MIDLAND, Texas — If there's one person in the world who understands art, pain, and passion, it's Frida Kahlo.
"We are very familiar with her story, her artworks, but we are not familiar with the idea that photography was very important for her," said General Coordinator of Museum of Frida Kahlo in Mexico City, Perla Labarthe.
"Frida Kahlo - Her Photos" is one of the newest exhibits at the Museum of the Southwest. It's a look into Frida's personal photo collection that was hidden for more than 50 years.
The pictures were found in the Blue House, the place where Frida was born, the home in which she grew up in, and where she would continue living with her husband, Diego Rivera.
"When Diego Rivera decided to make the Blue House a museum, he gave the instruction to put all her personal belongings apart," said Labarthe. "It took us 50 years to put the archives in the public eye."
The archive was opened in 2003. All the documents and over 6,500 photographs were found and studied. Most would assume Frida only painted, but her life was also heavily involved with photography.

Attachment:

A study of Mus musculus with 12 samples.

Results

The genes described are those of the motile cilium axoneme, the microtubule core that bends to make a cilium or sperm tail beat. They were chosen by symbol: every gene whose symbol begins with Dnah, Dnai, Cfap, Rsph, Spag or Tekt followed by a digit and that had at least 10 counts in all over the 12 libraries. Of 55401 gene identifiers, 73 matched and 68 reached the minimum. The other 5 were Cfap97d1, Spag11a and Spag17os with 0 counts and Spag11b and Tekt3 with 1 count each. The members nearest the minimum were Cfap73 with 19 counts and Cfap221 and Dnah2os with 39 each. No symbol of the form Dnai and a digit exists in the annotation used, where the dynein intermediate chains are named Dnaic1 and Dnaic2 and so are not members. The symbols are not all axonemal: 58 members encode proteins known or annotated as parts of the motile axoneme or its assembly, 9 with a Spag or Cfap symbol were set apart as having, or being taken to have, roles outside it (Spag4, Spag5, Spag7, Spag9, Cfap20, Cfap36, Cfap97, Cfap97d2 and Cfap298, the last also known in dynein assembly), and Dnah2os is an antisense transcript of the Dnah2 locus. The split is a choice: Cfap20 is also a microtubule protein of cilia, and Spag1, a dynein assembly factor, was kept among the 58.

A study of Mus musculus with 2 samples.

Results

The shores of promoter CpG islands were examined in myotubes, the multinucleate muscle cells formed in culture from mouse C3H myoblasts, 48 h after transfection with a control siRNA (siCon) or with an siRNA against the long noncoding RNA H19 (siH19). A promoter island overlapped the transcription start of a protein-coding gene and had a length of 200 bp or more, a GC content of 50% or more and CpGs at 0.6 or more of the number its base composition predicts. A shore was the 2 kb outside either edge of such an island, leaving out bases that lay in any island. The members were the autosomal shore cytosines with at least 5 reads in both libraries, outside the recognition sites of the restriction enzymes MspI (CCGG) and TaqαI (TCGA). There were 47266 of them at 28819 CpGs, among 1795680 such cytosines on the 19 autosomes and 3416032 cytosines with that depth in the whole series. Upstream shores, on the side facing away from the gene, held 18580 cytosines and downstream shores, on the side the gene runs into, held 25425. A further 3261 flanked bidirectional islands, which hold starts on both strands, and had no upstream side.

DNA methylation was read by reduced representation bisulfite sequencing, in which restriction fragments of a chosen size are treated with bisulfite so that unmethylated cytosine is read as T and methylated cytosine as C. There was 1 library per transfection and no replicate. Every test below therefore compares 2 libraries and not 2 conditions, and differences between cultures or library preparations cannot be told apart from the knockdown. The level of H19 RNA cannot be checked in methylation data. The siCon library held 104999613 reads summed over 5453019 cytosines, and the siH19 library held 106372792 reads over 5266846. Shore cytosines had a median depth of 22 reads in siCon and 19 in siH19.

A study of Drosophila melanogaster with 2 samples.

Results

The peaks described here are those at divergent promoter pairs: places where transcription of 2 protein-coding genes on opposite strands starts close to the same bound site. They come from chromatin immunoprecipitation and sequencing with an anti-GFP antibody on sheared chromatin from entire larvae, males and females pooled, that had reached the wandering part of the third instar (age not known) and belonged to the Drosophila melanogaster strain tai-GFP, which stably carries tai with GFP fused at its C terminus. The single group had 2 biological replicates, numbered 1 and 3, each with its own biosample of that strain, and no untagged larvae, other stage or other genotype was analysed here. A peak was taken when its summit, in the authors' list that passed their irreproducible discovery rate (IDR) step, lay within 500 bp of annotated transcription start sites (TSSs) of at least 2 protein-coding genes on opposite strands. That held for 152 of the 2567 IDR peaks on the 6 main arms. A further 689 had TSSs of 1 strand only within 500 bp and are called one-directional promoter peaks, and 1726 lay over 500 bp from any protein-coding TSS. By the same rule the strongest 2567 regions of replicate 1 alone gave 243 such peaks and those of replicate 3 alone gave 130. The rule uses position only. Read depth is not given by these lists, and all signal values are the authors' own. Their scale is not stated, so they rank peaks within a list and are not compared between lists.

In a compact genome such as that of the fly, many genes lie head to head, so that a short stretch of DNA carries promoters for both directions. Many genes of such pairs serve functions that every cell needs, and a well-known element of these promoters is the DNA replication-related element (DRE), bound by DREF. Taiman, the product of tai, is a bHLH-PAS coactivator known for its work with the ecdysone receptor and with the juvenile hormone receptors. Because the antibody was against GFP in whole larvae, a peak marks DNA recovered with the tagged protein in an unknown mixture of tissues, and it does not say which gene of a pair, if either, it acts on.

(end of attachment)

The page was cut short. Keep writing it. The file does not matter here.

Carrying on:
"What you are going to see are the photographs that are a part of her life because some of them are family photos," said Labarthe. "We have photographs of Frida's father, mother and some self-portraits that her father did because he was a very good photographer so Frida was involved with photography since she was a young kid."
The pictures gives us a look into understanding not only the people close to her, but how photography also influenced her paintings.
Frida got into a bus accident at 18-years-old. The accident caused her body to be impaled by a medal rod, leaving her bedridden for many months, and later unable to carry or bear any children.
It would be a life-changing moment for Frida physically and emotionally, but it didn't stop her from doing what she loves most.
"One of the chapters of this exhibit explores that facet of her life," said Labarthe. "We see in her in some photos when she was recovering from that accident and surgeries throughout her life. We see her in those photographs painting."
Other pictures show how Frida held onto pride with her mixed heritage.
"In the first room, you see the origins, you can see her family photos that includes one of her mother when she was little and she is using a Tehuana dress that's a traditional Mexican dress," said Labarthe.
A picture is worth 1,000 words. Here, it's worth much more.
"Perhaps no other artist has had the impact on a generation of people 20-21st century as Frida. Her work is honest and it's pain, it's honest and it's beauty," said Museum of the Southwest Curator Matthew Ward. "I think Frida is going to help us connect with our community on a deeper level."
The exhibit will be on display until November 20 at the Museum of the Southwest in Midland.